MEDINA — Village of Medina Unit President Jason Watts is quick to admit residents he serves absolutely love their hometown and will do just about anything to help sustain their quality of life in this idyllic community.

The village, located in Orleans County, has a population of just over 6,000 residents. The community blossomed after construction of the Erie Canal, which bends as it passes through the village, creating a basin that served as a stopover point. The village is also about a one-hour drive from both Rochester and Buffalo.

“The residents of Medina love their public services, especially our parks and outdoor spaces,” Watts said.
Watts, a motor equipment operator at the village’s Department of Public Works, also said that over past few months, villagers have been flocking to the downtown parks and spending time at the local cemeteries, partially due to the health care crisis and a need for exercise and outdoor recreation during the summer months.

Co-worker Kyle Morgan said the immediate focus on sprucing up pocket parks is a welcome sight for outdoor lovers in the community.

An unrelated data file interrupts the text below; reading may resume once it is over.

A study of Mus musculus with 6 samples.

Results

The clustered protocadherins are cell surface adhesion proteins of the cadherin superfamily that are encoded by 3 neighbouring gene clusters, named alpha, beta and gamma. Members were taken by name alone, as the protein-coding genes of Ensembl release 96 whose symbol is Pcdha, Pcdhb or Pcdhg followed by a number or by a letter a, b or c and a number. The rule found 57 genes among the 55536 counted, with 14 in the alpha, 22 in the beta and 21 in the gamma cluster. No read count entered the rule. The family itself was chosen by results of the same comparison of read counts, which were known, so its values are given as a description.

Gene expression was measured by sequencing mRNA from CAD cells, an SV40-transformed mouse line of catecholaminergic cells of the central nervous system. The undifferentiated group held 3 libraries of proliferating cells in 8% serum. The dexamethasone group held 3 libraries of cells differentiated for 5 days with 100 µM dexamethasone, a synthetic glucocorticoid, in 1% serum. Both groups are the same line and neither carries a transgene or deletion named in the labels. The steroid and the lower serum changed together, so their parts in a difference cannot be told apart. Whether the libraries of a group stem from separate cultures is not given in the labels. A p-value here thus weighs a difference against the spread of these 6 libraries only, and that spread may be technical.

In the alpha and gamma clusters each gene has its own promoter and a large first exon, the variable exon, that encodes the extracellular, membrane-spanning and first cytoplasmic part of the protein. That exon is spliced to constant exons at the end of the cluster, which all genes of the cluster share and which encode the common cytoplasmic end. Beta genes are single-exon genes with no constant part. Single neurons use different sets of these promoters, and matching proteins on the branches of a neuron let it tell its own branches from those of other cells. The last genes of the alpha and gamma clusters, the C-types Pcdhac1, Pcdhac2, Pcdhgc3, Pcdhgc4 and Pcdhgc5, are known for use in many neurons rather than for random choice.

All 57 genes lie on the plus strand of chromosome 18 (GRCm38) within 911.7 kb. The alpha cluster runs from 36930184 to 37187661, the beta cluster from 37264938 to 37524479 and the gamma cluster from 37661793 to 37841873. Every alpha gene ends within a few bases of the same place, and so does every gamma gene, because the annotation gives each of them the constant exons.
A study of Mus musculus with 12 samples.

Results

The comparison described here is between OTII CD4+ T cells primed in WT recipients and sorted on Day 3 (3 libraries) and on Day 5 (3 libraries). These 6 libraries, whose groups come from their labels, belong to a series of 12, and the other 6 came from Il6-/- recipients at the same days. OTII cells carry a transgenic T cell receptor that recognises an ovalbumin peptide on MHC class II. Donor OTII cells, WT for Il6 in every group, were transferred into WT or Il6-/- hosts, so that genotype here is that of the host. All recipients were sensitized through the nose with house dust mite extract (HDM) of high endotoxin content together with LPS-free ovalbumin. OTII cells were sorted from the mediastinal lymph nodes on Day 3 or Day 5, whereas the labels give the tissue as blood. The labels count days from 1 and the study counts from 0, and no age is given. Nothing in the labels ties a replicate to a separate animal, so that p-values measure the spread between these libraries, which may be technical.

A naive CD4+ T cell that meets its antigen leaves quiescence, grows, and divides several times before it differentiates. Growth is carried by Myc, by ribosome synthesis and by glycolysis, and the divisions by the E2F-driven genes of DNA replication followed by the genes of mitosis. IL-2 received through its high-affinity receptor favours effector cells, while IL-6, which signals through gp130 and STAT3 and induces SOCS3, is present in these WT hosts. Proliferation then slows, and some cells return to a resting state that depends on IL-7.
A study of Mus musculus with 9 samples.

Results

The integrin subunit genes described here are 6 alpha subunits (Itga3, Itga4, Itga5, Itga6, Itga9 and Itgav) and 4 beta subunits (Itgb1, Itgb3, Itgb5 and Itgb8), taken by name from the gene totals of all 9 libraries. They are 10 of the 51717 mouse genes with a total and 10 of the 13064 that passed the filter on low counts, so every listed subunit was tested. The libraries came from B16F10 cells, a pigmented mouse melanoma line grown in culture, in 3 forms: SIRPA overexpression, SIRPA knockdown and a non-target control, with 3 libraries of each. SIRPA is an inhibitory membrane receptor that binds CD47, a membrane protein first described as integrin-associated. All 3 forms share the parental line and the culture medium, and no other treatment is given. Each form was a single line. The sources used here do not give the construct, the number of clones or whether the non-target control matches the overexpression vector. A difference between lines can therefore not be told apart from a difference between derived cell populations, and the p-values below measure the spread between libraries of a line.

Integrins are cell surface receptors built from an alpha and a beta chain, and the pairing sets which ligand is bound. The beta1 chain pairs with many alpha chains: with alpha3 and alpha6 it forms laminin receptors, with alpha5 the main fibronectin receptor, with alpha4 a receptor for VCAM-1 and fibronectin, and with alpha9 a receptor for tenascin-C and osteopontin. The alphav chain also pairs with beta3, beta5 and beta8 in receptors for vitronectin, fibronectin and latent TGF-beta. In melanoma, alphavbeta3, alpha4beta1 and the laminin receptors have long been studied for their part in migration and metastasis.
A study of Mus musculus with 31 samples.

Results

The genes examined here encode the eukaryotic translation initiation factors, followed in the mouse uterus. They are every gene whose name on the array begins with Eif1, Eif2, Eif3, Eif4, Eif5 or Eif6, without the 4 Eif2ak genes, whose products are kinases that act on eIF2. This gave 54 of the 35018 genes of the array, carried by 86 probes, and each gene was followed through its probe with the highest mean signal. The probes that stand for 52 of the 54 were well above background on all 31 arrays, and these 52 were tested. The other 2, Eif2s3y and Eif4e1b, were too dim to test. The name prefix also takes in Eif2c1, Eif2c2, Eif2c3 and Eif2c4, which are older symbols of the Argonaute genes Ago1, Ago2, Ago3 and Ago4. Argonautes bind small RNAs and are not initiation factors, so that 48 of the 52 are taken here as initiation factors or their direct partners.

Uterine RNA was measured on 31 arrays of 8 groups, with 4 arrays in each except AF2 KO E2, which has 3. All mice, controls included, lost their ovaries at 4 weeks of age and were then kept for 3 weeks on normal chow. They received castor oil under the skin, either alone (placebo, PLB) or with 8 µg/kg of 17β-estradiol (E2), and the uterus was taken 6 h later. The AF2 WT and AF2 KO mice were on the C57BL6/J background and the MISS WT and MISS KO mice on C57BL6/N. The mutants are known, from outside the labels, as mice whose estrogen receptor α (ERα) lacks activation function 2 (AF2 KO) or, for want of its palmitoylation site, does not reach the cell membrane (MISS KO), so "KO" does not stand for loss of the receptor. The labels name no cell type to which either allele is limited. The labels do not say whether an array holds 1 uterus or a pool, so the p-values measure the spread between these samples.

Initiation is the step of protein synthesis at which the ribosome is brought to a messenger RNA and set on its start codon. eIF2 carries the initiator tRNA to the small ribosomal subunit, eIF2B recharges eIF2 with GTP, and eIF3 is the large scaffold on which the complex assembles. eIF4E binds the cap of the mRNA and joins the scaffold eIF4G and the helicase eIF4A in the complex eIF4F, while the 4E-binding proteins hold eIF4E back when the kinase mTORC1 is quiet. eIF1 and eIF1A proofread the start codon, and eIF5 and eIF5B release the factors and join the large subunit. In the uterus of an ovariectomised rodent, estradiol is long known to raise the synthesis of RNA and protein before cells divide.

“Right now, we are in the middle of installing a new sidewalk, a new splash pad with five ground spray elements at Pine Street Park,” said Morgan. “The splash pad will be the first of several improvements, with a new playground and a butterfly garden to follow. The kids are going to absolutely love this.”

“We have to be a jack-of-all-trades, so to speak,” said Watts. “Every job we tackle requires us to use a variety of skills, including electrical work, masonry, excavation, plumbing and so much more.”

Community members enjoy the results of our members’ hard work.

“I know village residents appreciate what we do,” said Watts. “The folks who live here are also very proud of where they come from.”

The many services that Medina residents enjoy is the result of maintaining a village government structure. In 2015, village residents voted to keep Medina an incorporated village, defeating a proposal to dissolve the village into the nearby towns of Shelby and Ridgeway.

CSEA led an informational campaign to make sure voters had accurate and detailed knowledge of what a dissolution would have entailed. Dozens of village jobs, including DPW workers and public safety officers, were saved in the process.

— Ove Overmyer

Above, from left, Village of Medina workers Jason Watts and Kyle Morgan look over a newly-poured concrete sidewalk that will soon be a new splash pad.


Ove Overmyer is an award winning photojournalist and writer who has promoted the virtue of working people and the value of public service throughout his career. His work has been published by many well-respected international media outlets, including PBS Moyers & Co., Steward Update UCS Worker Institute Cornell ILR, CBS News, The Weather Channel, SCI-FY Channel, Associated Press and LOGO-TV. Before joining the CSEA Communications Department staff in 2015, Overmyer was a CSEA member employed by the City of Rochester and an officer of the union for more than 18 years. He covers a 14 county area of Western New York and lives in Rochester, NY.